Fukushima in America – Fort Calhoun Nuclear Power Plant Footage

John Knicely NBC6
Fri,  Jun 17, 2011 at 6:26 PM
Subject: Aerial Footage of Ft Calhoun Nuke Plant Flooding No Fly Zone Enforced
www.MorningLiberty.com 
 

Aerial Footage of Ft Calhoun Nuke Plant Flooding No Fly Zone Enforced

Two Nebraska Nuclear Plants Partially Submerged by Missouri Floodwaters
by deathby1000papercuts.com
June 17, 2011

Ignored by the Mainstream Media, two nuclear power facilities in Nebraska which were designated temporary restricted no fly zones by the FAA in early June due to 'hazards'. The FAA restrictions, 'effectively immediately', 'until further notice'. The Ft. Calhoun Nuclear Power Plant, currently sandbagged against the floodwaters of the Missouri River, and, the Cooper Nuclear Station, located on the Missouri River. According to the NRC, there's no need to panic. If so, then why the No Fly Zones due to 'hazards' issued by the FAA?

Video news report from local NBC 6 on the Ft. Calhoun Power Plant and the massive amount of farm land flooded by the Missouri River. According to a local farmer worried about the levees, 'We need the Corps-Army Corps of Engineers–to do more. The Corps needs to tell us what to do and where to go. This is not mother nature, this is manmade.'

Omaha, NE — Homes and businesses north of Ames, east of Florence Boulevard and east of South 16th Street are at risk for flooding if the north Omaha levee breaks. The Qwest Center, Gallup Campus, North Omaha Power Plant and all of Eppley Airfield would be affected. That's about 2,700 people the city would have to evacuate.

Even though officials are confident in the levees through Omaha, they still want people to know about the risk and be prepared for the worst case scenario. City leaders say the worst case would put a huge part of northeast Omaha in up to 10 feet of water. This is one of many reasons why officials monitor it so closely.

On June 6, 2011, the Federal Aviation Administration put into effect 'temporary flying restrictions'–until further notice–over the Fort Calhoun Nuclear Power Plant in Blaine, Nebraska.

On June 16, 2011, local ABC News NTV Nebraska reported Radioactive Releases Not Expected at Omaha Nuclear Power Plant:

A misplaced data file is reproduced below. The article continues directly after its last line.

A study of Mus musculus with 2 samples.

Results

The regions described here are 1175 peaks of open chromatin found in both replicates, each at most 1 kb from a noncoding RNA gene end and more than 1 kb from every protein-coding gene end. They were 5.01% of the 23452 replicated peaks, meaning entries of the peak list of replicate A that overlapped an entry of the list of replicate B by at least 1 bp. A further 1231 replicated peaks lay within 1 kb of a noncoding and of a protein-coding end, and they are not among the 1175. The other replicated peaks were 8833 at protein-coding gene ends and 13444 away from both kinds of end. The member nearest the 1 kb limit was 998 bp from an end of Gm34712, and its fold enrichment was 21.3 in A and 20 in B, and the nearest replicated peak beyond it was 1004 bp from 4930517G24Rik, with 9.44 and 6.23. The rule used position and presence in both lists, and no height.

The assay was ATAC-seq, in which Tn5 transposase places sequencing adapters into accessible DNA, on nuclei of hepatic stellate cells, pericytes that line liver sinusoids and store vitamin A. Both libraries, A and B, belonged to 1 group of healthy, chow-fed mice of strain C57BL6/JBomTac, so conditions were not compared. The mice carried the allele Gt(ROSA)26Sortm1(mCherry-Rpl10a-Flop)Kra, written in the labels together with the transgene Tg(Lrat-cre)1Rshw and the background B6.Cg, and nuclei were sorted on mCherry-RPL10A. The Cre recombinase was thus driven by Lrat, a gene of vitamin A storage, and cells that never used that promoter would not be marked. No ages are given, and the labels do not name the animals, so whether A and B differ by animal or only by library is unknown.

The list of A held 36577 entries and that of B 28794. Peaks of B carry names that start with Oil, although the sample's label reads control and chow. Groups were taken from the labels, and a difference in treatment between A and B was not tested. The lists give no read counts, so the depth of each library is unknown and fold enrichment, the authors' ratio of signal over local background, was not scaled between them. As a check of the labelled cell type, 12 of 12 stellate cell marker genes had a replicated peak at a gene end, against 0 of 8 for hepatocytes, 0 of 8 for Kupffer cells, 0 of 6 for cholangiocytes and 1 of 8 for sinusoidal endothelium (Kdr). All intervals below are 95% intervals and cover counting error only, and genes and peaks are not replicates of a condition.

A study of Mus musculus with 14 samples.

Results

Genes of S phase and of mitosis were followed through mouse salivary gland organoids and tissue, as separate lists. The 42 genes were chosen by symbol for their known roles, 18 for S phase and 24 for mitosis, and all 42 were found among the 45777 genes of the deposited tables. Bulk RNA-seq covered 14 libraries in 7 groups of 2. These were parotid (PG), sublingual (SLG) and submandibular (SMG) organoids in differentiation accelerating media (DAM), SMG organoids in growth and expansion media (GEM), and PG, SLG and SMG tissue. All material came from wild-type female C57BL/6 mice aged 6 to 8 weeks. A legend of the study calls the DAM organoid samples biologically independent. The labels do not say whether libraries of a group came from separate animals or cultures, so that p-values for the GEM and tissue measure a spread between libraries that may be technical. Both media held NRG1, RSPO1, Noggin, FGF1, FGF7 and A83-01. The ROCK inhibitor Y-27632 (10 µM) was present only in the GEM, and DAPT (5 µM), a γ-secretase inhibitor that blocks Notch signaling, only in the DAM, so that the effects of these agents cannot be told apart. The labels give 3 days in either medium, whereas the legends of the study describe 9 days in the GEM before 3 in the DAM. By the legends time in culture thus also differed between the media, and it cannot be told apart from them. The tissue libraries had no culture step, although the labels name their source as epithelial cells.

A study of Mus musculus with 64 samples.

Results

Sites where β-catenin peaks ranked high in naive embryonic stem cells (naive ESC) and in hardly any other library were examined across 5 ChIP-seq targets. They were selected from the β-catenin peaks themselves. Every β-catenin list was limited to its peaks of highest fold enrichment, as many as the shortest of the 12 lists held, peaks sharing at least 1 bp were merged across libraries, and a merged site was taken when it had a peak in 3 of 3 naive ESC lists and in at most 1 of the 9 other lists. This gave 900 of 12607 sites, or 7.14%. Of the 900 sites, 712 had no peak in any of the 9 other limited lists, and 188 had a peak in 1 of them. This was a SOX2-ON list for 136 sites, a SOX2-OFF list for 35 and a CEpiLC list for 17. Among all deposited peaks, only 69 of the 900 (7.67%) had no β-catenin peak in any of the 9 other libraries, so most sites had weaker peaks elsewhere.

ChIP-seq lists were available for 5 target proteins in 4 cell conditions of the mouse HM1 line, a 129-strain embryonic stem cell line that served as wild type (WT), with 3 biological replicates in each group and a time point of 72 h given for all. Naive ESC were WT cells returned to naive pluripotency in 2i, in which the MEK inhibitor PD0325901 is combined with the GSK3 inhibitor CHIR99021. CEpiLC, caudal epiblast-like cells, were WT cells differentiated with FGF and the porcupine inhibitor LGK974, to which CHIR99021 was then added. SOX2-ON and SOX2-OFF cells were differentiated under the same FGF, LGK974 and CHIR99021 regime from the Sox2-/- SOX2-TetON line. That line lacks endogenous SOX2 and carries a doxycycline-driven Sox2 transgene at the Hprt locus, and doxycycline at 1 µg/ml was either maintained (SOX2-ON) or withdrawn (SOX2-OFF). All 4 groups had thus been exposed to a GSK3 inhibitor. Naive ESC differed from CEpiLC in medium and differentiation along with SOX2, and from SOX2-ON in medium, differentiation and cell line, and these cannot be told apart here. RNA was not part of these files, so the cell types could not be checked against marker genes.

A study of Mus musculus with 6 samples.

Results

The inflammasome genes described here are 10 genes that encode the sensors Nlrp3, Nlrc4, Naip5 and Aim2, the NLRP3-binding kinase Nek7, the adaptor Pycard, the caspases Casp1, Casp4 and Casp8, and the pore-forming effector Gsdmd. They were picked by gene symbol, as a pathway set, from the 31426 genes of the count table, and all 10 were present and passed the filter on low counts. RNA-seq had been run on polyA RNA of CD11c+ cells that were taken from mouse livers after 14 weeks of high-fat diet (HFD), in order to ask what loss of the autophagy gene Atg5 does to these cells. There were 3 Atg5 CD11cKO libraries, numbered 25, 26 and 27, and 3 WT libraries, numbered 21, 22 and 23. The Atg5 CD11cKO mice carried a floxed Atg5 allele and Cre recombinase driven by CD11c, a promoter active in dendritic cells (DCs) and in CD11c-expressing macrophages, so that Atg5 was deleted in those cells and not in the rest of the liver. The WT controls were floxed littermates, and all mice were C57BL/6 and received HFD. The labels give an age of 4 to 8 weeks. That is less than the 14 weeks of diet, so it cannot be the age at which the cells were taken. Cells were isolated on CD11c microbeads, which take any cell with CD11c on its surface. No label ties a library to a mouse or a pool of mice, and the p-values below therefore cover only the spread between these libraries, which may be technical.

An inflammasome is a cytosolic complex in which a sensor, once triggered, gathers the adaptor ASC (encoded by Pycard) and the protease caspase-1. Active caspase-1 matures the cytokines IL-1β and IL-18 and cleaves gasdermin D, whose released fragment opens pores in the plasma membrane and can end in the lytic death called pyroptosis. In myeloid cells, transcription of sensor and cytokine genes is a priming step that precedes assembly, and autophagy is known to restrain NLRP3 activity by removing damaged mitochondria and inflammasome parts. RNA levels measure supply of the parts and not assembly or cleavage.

[Snip]

Officials at the Omaha Public Power District say there have been no releases of radioactive material since flooding from the Missouri River caused them to declare a low-level emergency June 6 at the Fort Calhoun nuclear power plant.

The emergency level, declared as "a notification of an unusual event," is the lowest possible of four standard emergency classifications set by the Nuclear Regulatory Commission (NRC) and, as of now, there has been no risk to the public.

Officials say they have sandbagged the area surrounding the plant to a level greater than what the projected water levels will reach, and that they do not expect any release of radioactivity.

On June 7, 2011, the FAA issued temporary flying restrictions until further notice above the Cooper Nuclear Station located on the Missouri River near Brownsville, NE.

On June 14, 2011, the report Cooper Nuke Plant Will Get More NRC Oversight:

[Snip]

NRC inspectors said some of the station's procedures for manually operating valves — which are part of system for releasing coolants under high pressure — wouldn't work in the event of a fire. The independent emergency cooling system is one means available to provide water to cool the reactor in case of an emergency.

"Fire protection programs are a critical component in plant safety and the NRC is paying special attention to ensure [Cooper] takes actions to fully correct this issue," according to Region IV Administrator Elmo E. Collins.

According to an informative post at the site The People's Voice, the Ft. Calhoun Nuclear Power Plant and the Cooper Nuclear station are 'partially submerged' by Missouri floodwaters.

[Snip]

On June 7, the Fort Calhoun Nuclear Power Plant filed an Alert with the Nuclear Regulatory Commission after a fire broke out in the switchgear room. During the event, "spent fuel pool cooling was lost" when two fuel pumps failed for about 90 minutes.

On June 9, Nebraska's other plant, Cooper Nuclear Power Station near Brownville, filed a Notice of Unusual Event (NOUE), advising it is unable to discharge sludge into the Missouri River due to flooding, and therefore "overtopped" its sludge pond.